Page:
CINDY ELLEN RUSSELL / CRUSSELL@STARADVERTISER.COM
                                Gov. Josh Green announced the One Ohana Maui Recovery Fund during a news conference today at the State Capitol.

Gov. Josh Green announced the One Ohana Maui Recovery Fund during a news conference today at the State Capitol.

Gov. Josh Green wants to house any wildfire evacuee who specifically seeks to move back to West Maui following the Aug. 8 wildfires — including those currently ineligible for federal housing assistance — and threatened Tuesday to ban short-term vacation rentals if owners of 175 West Maui units do not commit by April 1 to renting to fire survivors.

“I will continue to consider the possibility of a temporary moratorium on short-term rentals on West Maui if we don’t have enough housing for our people,” Green said.

There are still 1,744 people living in hotels, and Green wants to find all fire survivors long-term housing in West Maui, along with evacuees who do not qualify for Federal Emergency Management Agency housing assistance because they are undocumented or are Compact of Free Association migrants from the Federated States of Micronesia.

At a news conference Tuesday in his fifth-floor offices in the state Capitol, Green used a bovine epithet to describe his frustration with owners of 89,000 short-term vacation rentals across the islands who continue to rent only to tourists or refuse to sell their properties to residents in a state that needs 50,000 affordable housing units to help slow the exodus of island residents fleeing to more affordable states.

“We have a housing crisis on our hands that just got worse because of the fire,” Green said. “When I get animated about short-term rentals, like I did a minute ago, it’s because we’ve got 89,000 short-term rentals in the state of Hawaii of which only 14,000 are legal. That’s 75,000 units in our state that are not available. If you recall, we’ve said on multiple occasions that if we had 50,000 units in our state available, our local people wouldn’t be pressured to leave. So we have been out of balance on housing.”

For Maui fire evacuees, specifically, Green said, “I’m not playing around. People have been in hotels quite a long time, and it’s very difficult on these extraordinary people who have survived the wildfire.”

Green said there will be no need for a previously threatened ban on short-term rentals beginning Friday across Maui to find long-term housing. But he threatened a new April 1 ban on short-term rentals to spur landlords to provide long-term housing to accommodate all the fire evacuees who want to move out of hotels and into longer-term housing in West Maui.

“We have 1,746 households still in short-term hotels,” Green said. “That’s down from originally 3,000. It’s down, I believe, 44%. We still have a fair ways to go.”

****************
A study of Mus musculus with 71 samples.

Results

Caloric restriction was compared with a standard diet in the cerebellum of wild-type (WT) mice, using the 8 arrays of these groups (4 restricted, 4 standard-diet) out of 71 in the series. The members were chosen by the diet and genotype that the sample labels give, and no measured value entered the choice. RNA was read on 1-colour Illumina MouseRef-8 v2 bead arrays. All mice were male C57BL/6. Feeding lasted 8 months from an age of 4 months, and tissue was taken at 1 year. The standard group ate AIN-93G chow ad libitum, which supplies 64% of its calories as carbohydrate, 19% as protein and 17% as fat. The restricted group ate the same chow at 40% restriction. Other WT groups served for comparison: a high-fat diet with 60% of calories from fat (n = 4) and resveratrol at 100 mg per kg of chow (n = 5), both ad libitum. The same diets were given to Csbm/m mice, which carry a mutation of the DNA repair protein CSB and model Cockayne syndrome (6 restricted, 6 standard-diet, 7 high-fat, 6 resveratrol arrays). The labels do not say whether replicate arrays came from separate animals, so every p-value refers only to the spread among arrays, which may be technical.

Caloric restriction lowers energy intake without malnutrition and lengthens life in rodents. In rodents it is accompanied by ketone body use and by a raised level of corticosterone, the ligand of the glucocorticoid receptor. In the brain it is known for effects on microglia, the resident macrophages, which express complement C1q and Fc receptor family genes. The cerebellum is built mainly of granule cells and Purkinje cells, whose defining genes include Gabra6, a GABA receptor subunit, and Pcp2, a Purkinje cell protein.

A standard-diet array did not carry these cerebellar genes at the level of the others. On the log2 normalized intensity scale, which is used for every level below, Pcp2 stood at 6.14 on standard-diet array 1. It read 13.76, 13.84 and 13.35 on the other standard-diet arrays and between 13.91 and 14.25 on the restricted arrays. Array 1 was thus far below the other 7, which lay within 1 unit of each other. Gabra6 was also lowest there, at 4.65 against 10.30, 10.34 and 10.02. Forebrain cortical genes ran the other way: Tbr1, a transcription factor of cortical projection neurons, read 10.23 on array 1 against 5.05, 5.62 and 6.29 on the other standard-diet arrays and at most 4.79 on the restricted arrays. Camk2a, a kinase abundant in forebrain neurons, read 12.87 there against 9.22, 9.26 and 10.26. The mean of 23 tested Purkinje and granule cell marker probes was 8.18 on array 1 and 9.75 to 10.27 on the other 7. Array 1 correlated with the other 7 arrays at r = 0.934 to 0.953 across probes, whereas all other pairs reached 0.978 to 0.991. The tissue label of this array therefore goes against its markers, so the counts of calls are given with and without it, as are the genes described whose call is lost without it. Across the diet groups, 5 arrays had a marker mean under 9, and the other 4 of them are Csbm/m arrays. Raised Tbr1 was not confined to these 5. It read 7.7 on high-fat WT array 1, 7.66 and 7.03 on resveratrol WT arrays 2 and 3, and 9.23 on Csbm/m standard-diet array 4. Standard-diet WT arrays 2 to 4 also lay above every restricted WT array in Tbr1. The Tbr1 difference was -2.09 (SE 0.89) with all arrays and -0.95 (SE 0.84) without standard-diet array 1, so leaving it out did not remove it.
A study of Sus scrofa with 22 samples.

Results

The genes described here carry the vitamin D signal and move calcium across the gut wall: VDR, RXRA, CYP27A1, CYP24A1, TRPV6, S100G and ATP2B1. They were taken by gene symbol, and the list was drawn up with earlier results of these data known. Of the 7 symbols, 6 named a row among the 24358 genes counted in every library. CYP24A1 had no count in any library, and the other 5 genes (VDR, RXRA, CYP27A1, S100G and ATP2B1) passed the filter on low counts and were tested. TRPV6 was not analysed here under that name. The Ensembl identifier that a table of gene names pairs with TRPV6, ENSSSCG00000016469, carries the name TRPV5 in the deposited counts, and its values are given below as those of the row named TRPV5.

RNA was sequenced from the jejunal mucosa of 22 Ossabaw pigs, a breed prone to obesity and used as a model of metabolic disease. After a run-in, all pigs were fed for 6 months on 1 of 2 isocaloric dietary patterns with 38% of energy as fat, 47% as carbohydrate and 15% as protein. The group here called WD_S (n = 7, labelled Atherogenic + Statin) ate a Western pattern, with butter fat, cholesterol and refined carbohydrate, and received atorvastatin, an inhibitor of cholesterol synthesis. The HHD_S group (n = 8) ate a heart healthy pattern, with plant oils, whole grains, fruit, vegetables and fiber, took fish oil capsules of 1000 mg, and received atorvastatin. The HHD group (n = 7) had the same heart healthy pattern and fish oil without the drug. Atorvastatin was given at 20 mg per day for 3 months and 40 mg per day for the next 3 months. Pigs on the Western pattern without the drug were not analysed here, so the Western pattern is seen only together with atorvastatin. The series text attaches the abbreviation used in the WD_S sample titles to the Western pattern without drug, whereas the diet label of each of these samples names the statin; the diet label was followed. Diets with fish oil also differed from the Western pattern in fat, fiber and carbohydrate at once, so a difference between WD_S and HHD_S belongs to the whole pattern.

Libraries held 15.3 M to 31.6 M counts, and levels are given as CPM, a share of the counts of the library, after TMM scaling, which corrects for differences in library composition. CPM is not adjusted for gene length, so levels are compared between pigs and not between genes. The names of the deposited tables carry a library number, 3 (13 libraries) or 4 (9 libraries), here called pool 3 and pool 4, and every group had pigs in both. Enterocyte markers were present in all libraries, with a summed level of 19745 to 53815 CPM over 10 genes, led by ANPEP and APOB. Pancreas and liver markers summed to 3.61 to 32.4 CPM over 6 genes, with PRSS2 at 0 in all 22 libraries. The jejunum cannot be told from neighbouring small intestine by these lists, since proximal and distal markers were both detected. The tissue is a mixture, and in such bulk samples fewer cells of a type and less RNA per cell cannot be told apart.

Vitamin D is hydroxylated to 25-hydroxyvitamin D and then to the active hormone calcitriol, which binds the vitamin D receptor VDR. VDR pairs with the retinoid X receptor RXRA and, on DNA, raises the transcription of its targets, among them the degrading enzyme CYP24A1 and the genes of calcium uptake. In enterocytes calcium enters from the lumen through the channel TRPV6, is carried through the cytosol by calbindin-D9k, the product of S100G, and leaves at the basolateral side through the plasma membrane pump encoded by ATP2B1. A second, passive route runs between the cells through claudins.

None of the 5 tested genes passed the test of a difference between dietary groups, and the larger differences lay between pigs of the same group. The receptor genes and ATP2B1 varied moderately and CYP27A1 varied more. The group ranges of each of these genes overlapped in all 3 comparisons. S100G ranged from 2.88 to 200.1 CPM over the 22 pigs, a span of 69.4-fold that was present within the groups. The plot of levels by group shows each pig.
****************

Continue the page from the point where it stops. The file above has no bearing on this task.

Among all of the efforts to increase the inventory of housing on Maui, Green called the conversion of vacation rentals into long-term rentals for wildfire survivors “the most important one to talk about right now.”

“We are trying to get everyone that wants to stay in West Maui a place,” Green said. “It’s near their school. It’s near their job. … We still are going to need some additional housing on the West Maui side.”

Initially, 7,996 people needed housing after the wildfires, which dropped to 1,744 now from 4,185 — representing 597 households.

Green said he has implored the highest levels of the federal government to pay for leases to house fire survivors in Maui condos that “they don’t normally do. And that’s going to decrease the number of people on the noneligibility list very significantly. It will at least save us $43 million.”

He hopes that 735 families ineligible for federal housing aid “will drop by another 200 or even 400 so our costs will be much less.”

“We don’t turn our backs on our people,” Green said. “We show the aloha spirit.”

For owners of vacation rentals in West Maui, Green said, “I have an ask today. I’m asking today people to consider who live in West Maui to offer an additional 175 short-term rental units.”

“We’ll make sure the houses are well cared for,” Green said. “I’m appealing to people. … It’s important. It’s important.”

As an incentive to get more West Maui property owners to rent to survivors by April 1, Green offered $5,000 a month for a one-bedroom unit, $7,000 for a two-bedroom, $9,000 for a three bedroom and $11,000 for a four-bedroom unit, along with owners not having to temporarily pay property taxes.

He said the guaranteed monthly income “breaks down pretty favorably” compared with market rates, in addition to financial incentives that units will be rented year-round, along with lifting the burden of having to pay property taxes.

“They’re used to getting some very large number per night, but they may only rent for 18 nights and they pay property tax,” Green said. “In this case we’ll be guaranteeing them the full month coverage, and it’s pretty consistent with the market rates. … The complexity of every single case ends up meaning that people end up staying in hotels longer, and they are wrestling with the effects. I’ve never seen a problem this complex before, not as a physician, not during surgery, not fighting it out during the Legislature. We’re wrestling with people’s needs. … We really want people to be secured.”

For more information, visit helpingmaui.org/offer.

RENTAL INCENTIVES

In an effort to get more West Maui property owners to rent to survivors by April 1, Gov. Green offered:

>> $5,000 a month for a one-bedroom unit.

>> $7,000 for a two-bedroom.

>> $9,000 for a three-bedroom unit.

>> $11,000 for a four-bedroom unit.

>> A temporary break on paying property taxes.